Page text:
The Washington media isn't finished marveling at the fact that Bill Clinton staked his career on centrism and now Hillary Clinton has moved to the left of him. He also took office over two decades ago and a few things have changed. But Washington is always the last to spot these trends, even after it's been left it in the dust. From Politico:
To succeed today, Hillary Clinton—like any national Democrat—must win over that wing. But doing so will encourage Republicans to paint her as too beholden to the party's liberal, urban, heavily minority base...
She is being dragged left by younger voters and minority groups, who make up essential elements of today's Democratic coalition and tend to favor federal solutions more readily, according to polls, than older, whiter voters. The party's votes now overwhelmingly come from big cities, territory in which Democratic mayors such as Bill De Blasio in New York and Eric Garcetti in Los Angeles have made addressing income inequality central to their mission through measures such as lifting the minimum wage and building more affordable housing.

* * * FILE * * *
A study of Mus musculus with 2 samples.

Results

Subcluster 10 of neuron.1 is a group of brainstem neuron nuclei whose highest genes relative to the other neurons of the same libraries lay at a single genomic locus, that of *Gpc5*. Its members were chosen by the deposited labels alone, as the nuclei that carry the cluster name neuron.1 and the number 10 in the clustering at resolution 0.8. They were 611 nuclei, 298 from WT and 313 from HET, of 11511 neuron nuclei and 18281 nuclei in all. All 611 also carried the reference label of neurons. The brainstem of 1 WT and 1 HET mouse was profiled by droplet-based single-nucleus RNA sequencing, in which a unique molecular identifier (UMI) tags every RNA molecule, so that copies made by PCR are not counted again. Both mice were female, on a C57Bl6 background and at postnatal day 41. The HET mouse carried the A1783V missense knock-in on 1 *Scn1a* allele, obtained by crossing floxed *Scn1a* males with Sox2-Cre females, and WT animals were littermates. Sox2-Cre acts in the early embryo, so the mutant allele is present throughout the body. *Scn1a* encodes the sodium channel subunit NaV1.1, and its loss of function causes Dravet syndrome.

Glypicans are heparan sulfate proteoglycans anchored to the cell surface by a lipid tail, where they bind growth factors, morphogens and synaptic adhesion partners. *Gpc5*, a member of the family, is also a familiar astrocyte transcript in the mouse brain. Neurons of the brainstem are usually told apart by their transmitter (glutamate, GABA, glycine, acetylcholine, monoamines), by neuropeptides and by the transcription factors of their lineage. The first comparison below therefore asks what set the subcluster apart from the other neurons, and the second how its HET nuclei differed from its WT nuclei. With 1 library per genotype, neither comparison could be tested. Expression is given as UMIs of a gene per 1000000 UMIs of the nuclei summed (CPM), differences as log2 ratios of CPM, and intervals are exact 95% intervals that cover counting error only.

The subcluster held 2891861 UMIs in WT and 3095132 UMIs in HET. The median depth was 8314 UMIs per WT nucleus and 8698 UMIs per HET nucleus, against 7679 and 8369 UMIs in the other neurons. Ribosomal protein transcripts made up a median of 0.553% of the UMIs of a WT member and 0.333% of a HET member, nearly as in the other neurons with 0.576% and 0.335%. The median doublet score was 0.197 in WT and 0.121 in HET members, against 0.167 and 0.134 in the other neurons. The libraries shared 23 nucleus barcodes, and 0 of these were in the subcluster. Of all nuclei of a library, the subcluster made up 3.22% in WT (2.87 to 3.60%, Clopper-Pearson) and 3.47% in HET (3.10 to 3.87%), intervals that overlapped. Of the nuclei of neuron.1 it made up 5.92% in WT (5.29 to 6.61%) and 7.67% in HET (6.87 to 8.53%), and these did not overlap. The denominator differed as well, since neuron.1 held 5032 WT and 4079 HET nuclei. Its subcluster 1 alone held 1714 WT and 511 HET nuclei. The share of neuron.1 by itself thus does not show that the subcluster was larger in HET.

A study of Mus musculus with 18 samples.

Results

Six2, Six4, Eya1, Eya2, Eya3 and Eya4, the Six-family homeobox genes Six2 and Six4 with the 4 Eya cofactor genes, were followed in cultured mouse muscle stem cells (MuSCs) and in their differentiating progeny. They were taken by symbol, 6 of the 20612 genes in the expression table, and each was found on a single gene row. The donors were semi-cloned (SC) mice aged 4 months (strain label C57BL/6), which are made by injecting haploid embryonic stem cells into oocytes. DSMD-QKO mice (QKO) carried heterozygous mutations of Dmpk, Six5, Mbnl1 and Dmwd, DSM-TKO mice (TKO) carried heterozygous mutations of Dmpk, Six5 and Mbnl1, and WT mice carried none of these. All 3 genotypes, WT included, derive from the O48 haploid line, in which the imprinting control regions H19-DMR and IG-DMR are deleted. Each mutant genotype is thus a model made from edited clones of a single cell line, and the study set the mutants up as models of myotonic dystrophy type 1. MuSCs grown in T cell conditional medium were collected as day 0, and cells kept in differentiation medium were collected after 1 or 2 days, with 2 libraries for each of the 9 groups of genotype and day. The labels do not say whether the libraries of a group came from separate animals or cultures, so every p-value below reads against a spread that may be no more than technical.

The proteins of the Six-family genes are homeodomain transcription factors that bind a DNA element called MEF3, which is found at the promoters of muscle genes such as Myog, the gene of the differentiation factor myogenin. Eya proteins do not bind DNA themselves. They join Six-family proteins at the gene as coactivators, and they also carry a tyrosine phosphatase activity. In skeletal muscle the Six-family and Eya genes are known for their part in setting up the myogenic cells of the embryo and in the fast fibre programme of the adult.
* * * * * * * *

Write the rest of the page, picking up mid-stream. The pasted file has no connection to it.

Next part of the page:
Two things—those older, whiter voters are actually and literally in decline
"They've moved left partly because they've won," says Lara Brown, a political scientist at George Washington University. "Parties typically go as far toward their core ideology as they can, as long as they keep winning."
Amen. The pendulum is returning from its rightward swing and it has been doing so for the last two presidential election cycles. Washington will catch on ... eventually.